State police in Chiapas used tear gas on Sunday to break up a march by family members of the missing 43 students from Guerrero and students of a teachers’ college in Tuxtla Gutiérrez.
Parents of the missing young men, who were studying at the Ayotzinapa Rural Teachers College when they were abducted and presumably killed in September 2014, and students of the Mactumactzá Rural Teachers College were marching towards the center of the Chiapas capital on the Libramiento Norte road when they were approached by some 200 riot police Sunday morning.
The Chiapas Secretariat of Security (SSyPC) said that the officers approached the participants of the “Caravan in Search of the 43” to seek dialogue and listen to their demands.
However, the students assaulted two officers, threw molotov cocktails, rocks and fireworks at the police contingent and vandalized a police car, the SSyPC said, adding that one police officer sustained a head injury and was taken to hospital.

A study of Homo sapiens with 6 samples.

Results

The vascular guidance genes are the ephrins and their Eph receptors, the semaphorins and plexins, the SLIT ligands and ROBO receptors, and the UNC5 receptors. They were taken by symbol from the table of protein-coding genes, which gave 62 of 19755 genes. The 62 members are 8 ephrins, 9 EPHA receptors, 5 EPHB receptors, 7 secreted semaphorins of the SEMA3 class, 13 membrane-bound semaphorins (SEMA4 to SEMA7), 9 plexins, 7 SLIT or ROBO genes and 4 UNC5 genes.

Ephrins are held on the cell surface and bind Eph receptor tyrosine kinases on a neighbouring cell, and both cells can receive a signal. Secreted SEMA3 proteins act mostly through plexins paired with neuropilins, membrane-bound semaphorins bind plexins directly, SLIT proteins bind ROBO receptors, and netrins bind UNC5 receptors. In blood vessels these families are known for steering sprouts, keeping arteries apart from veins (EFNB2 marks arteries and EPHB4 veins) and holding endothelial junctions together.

The police used tear gas in response to the aggression “in accordance with the eviction protocol” in order to reestablish order, the secretariat said.
However, the Chiapas-based Ku’untik Human Rights Center charged that the police response amounted to government repression of the protesters, while parents of the missing Ayotzinapa students said that excessive force had been used.
Three Mactumactzá students, two of the missing Ayotzinapa students’ mothers and the 3-year-old granddaughter of one of them required medical treatment, the parents said.
The “authoritarian attitude” of the Chiapas authorities is “inconceivable,” they said in a statement, adding that their constitutional rights and freedoms were trodden on.
The Mactumactzá students are well-known for protests and have clashed with police in the past. They stole four buses last November after attacking a Tuxtla Gutiérrez garage owned by the bus line Ómnibus Cristóbal Colón (OCC) with molotov cocktails.
The students said they were protesting against the privatization of education and government repression. They also demanded more funding for their school.